Even as the world abondons nuclear power, the Indian government and industry are pushing for it
It was very strange indeed. Nuclear babus at an environment meeting. During the negotiations for the Kyoto Protocol — the legally binding protocol for reducing greenhouse gas emissions — in The Hague recently, one issue, among others, that would constantly hold up progress was nuclear power. And every time the issue was raised, India was mentioned as the country leading the pack in favour of this dying source of energy. When confronted, the Indian delegation would hum and haw and push arguments of sovereignty — some cock and bull line that each country has the right to decide which project it will chose — but would also claim that it was not advocating nuclear power per se. However, lurking in their midst was a senior official of the Atomic Energy Commission who had flown in from Mumbai to be part of the official delegation.
The issue is this, will nuclear power be included in the "clean projects" list under the proposed Clean Development Mechanism (CDM). Under this mechanism, industrialised countries, which have to cut their emissions, can invest in cleaner technologies in developing countries and, in turn, get credits for carbon emissions to add to their national balance sheet for carbon accounting. As nuclear plants do not emit greenhouse gas emissions, it could on paper, qualify for such projects.
The problem is that these are green negotiations. And for environmentalists, nuclear power remains an evil energy source that is dangerous with toxic waste impossible to dispose off even five decades after the technology was developed. The issue generated a lot of heat with India being bandied around as the country most desperate to get nuclear power as part of the deal. It was said so often and from such authoritative sources that we knew there was more to it, regardless of what the Indian delegation said.
We wondered why. The Indian government is, at best, not known for strong positions in environmental negotiations. Where then was their motivation coming from? The pieces began to fall together, when a colleague of mine was recently on a panel together with an official of the Confederation of Indian Industry (CII). Ironically, the occasion was a meeting at the local Ukrainian embassy to mark the shut down of the infamous Chernobyl power plant.
The CII official was advocating nuclear power with the zeal of a neophyte. According to him, CII has been putting this proposal before the government with the idea that private investment should be permitted in the nuclear power sector. The man believes that technological problems in nuclear power have been sorted out and it is now clean and safe. That, in fact, more people die in road accidents and air crashes than nuclear accidents.
The problem, however, he admitted is that nuclear energy is very expensive and industry does not have funds. International investment is difficult because there is a long payback period involved as this is not a cost-effective source of power. Therefore, for private investment to boom in this sector,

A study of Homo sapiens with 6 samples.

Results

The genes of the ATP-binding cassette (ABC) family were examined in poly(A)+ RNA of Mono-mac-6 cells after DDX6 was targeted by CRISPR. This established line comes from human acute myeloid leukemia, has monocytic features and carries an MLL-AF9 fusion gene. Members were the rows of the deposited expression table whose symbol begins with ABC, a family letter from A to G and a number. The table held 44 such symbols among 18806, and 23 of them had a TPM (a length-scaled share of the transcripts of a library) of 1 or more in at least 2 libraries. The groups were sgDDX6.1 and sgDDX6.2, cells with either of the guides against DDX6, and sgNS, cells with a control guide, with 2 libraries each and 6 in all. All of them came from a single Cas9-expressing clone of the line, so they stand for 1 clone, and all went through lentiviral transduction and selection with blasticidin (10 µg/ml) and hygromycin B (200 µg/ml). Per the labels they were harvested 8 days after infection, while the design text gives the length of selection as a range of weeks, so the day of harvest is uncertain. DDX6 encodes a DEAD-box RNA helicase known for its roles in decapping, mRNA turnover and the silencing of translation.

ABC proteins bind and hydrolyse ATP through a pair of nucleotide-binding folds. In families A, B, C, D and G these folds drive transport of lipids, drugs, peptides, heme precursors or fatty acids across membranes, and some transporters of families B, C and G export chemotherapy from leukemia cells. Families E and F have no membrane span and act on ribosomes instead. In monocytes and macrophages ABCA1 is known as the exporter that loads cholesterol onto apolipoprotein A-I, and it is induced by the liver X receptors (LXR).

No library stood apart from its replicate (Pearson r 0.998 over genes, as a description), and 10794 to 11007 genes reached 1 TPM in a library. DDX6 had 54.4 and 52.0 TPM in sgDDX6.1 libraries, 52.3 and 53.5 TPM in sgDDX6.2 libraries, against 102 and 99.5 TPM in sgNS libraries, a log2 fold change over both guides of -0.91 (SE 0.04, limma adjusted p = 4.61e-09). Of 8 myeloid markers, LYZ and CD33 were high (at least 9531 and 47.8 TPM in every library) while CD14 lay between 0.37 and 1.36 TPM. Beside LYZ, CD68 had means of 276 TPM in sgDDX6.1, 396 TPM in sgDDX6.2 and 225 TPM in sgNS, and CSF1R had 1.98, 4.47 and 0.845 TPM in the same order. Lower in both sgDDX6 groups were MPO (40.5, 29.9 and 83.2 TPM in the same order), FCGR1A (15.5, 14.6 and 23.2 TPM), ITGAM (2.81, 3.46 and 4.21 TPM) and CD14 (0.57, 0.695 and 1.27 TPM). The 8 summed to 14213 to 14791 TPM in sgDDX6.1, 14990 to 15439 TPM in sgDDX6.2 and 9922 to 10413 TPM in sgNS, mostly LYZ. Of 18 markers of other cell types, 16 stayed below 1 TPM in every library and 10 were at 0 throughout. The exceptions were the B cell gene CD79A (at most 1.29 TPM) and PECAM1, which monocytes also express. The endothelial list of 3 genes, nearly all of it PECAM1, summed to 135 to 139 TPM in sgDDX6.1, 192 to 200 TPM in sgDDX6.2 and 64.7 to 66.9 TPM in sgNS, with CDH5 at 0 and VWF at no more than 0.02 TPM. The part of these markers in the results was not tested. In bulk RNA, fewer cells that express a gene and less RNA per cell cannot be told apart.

public financial support is required.
Now, the Indian position during the climate negotiations began to make sense. The financial support could come from CDM. The international nuclear industry would get a new lease of life. Its partners in India would be subsidised through financial transfers in the name of climate protection.
This despite the fact that the Indian nuclear establishment has never lacked money or clout. Yet, after decades, it generates less than two per cent of the total power output of the country. In this age of nuclear phase-out, the Indian establishment is proposing to expand its capacity from the current 2,000 megawatt (MW) to 20,000 MW by 2020.
On the other hand, many industrialised countries are spending money to close down their nuclear plants. Germany for instance, has agreed to set a lifespan of 32 years for the country’s 19 reactors — closing the last by 2021. For over 20 years there have been no new orders for plants in the US and Europe — except France. Even in France, there is a growing concern as nuclear power is too expensive and the government has to subsidise its sale to neighbouring countries. The recent accident in Japan is forcing a review there.
Even as the world learns more, our government and our industry wear blinkers. A much better option would be to insist that funds for CDM be used to support renewable energy sources — the energy for the future. This is not to say that all energy would come from renewables. But that it could match the target that the nuclear establishment has set and it would be far less dangerous.
It is also important to note that while nuclear energy costs will not fall with additional investment, renewable energy costs, per unit of output generated, will fall with additional investment. Renewable energy is a growing technology with a steep learning curve — has diminishing costs with increasing experience and investment. For instance, solar and wind energy have shown a 20 per cent learning rate over the years, which means that for every doubling of production, there is a 20 per cent reduction in investment costs. Nuclear power on the other hand is a static technology.
But then we are asking for too much, when we ask our government and industrial leaders to make political or economic sense.